Introduction to criminology

This course examines the multi-disciplinary social science of law-making, law-breaking, and law-enforcing. It reviews theories and data that predict when, where and against whom crimes happen. In addition, it addresses questions surrounding crime prevention and punishment of offenders. The role and importance of police, courts, and prisons are critically examined. The relationship between criminology and policy-making will be highlighted.


Adler, F., Mueller, G.O.W., Laufer, W.S, CRIMINOLOGY, 8th edition, New York: McGraw Hill, 2013 E-mail version: TBA

Additional class materials will be posted on Blackboard periodically. Please check the course web site.


Examinations: The final grade for this course is made up of grades from three non-cumulative examinations. These exams are taken in class. The first two are given during the semester (each one is worth 30% of the final grade). The last one is given during the final period (40% of the final grade). They are not “open-book” or “open-note” exams. They are designed to encourage critical thinking about crime and justice. Excellent performance depends on your ability to integrate class discussions, reading assignments and material presented by guest lecturers.

Questions and Change of Grades: Teaching assistants will compute all grades for the class. Please address all grading questions to the teaching assistants. With the exception of clerical and/or coding errors, there will be no change of grades made after final grade sheets are delivered to the University Registrar.


Introduction What is (or should be) the relationship between criminology and the making of public policy? What is the relationship between crime control approaches in any given era and the scientific and social environment?

Chapter 1: The Reach of Criminology How has the “global” nature of the crime problem changed the challenge of understanding and preventing crime? What are the major criminal justice challenges? What is the relationship between crime and deviance.

Chapter 2: Counting Crime What are the common legal elements of all crimes? What is the importance of career criminal research to public policy? When and why did females join males as subjects of criminological research?

Chapter 3: Schools of Thought Classicists contend that crimes should only be measured by the injury done to society. How does this orientation relate to crime causation, treatment of offenders and utility of punishment? Contrast positivist and classicist arguments on the death penalty.

Chapter 4: Psychological and Biological Perspectives Suppose that researchers identify genes responsible for the tendency to be violent, to become addicted to drugs or to disregard punishment. Should we provide early screening? What role should the existence of these genes play in determining criminal liability or appropriate sentences?

Chapter 5: Strain Theories How well do strain theories explain middle class delinquency? Corporate crime?

Chapter 5: Cultural Deviance Theories How do the assumptions of cultural deviance theories differ from those of strain theories? How well do cultural deviance theories explain crime in the Badlands?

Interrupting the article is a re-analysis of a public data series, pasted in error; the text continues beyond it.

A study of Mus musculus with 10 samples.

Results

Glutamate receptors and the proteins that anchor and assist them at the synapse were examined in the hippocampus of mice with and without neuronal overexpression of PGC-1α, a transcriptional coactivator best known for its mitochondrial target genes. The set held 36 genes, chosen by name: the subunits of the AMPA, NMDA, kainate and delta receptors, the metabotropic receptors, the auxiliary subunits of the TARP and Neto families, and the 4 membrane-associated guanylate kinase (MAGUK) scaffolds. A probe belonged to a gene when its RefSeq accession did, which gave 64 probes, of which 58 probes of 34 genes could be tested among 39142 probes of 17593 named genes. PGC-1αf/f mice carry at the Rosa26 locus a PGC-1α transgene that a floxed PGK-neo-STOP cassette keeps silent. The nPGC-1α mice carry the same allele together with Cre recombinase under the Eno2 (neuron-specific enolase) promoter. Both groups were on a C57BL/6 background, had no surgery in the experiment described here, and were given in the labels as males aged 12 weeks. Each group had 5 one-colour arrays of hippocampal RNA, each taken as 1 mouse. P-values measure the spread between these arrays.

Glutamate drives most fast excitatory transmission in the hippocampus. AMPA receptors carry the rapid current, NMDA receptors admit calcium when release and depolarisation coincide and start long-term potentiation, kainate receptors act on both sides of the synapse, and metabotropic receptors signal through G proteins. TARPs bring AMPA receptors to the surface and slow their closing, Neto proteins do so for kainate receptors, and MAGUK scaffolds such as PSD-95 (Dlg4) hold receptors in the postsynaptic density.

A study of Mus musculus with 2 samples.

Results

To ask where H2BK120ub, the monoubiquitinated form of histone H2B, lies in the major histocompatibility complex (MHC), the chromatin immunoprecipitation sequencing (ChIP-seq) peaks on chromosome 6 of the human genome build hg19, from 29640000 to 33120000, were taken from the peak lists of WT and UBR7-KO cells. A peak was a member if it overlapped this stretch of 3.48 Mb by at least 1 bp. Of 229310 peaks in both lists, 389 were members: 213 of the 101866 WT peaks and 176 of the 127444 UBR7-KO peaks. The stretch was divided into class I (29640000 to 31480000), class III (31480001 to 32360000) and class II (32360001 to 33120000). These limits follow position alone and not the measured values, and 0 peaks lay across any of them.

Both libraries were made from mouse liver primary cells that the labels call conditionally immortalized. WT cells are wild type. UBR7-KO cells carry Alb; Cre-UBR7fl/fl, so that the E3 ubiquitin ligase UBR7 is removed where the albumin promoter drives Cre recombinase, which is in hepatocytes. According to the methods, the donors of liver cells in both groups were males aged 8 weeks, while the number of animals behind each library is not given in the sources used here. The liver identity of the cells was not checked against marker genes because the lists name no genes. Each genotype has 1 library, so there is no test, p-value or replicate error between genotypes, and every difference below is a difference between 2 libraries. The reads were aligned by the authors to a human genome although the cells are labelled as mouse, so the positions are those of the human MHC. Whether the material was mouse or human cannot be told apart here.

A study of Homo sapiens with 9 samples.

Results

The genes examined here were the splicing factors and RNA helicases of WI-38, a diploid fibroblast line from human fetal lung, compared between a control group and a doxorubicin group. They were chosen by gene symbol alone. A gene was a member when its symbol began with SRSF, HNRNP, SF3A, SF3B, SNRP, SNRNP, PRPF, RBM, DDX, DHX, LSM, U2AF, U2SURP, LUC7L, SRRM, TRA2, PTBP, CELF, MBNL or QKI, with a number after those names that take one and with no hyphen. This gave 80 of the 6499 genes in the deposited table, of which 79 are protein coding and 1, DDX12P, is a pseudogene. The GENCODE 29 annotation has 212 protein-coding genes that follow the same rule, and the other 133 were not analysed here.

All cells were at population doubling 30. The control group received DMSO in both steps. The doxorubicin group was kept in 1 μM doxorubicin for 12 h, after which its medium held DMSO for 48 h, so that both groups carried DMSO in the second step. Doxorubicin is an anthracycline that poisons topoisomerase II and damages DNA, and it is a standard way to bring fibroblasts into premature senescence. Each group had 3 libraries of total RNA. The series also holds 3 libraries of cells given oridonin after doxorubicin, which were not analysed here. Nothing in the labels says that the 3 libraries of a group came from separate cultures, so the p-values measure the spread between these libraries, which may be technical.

Chapter 6: The Formation of Subcultures A cult refers to a social group made up of people who share beliefs and practices that differ from the dominant culture. For example, how can the Fundamentalist Latter Day Saints, a polygamous sect living on a Texas ranch that was raided by law enforcement agents in 2008, be described in terms of the subcultural theories discussed in Chapter 6?

Chapter 7: Social Control Theory Can the explanatory power associated with separate theories be strengthened by the integration of extant theoretical arguments?

Chapter 8: Labeling, Conflict, and Radical Theories In the 1960’s young people, blacks, women and other disadvantaged groups demanded a role in shaping national policy. Some criminologists joined the rebellion by challenging the consensus model of crime. What effect did their alternative explanations have on changing the criminal justice system?

Chapter 9: Environmental Theory How do neo-classical theories reshape crime prevention policies? Are they helpful in devising strategies to combat terrorism?

Chapter 10: Violent Crimes The position of the National Rifle Association is the following: “It is people who kill, not guns….When guns are outlawed, only outlaws will have guns.” Can criminologists formulate a compromise strategy to reduce the proliferation of illegal hand guns and to minimize gun violence in inner cities?

Chapter 11: Crimes Against Property …Modern day pirates are now equipped with rocket-propelled grenades, global positioning systems, assault rifles and high speed motorboats. …Identity theft, one of the fastest growing crimes in America, affects 10 million people annually and loss to businesses is estimated at $50 billion. …Two California high school students gained illegal access to their school’s computer. They raised their grades to A (and accidentally deleted 18,000 records!).

How can the criminal justice system meet the needs of the constantly changing forms and dimensions of property crimes?

Chapter 12: White Collar and Corporate Crime Should corporations be charged with crimes?

Chapter 13: Public Order Crimes The massive illegal drug economy generates $300 to $500 billion annually. It encompasses, among other global problems, money laundering, the financing of terrorists, and the downfall of governments. What kind of research should criminologists be designing and implementing in order to assist the government in creating new drug control strategies?

Chapter 14: International and Comparative Criminology What is the difference between international and transnational crime? Which of the transnational crimes form the wheel of terrorism?

Semester Review High points and low points in criminology Where do we go from here? How can research assist policy-makers?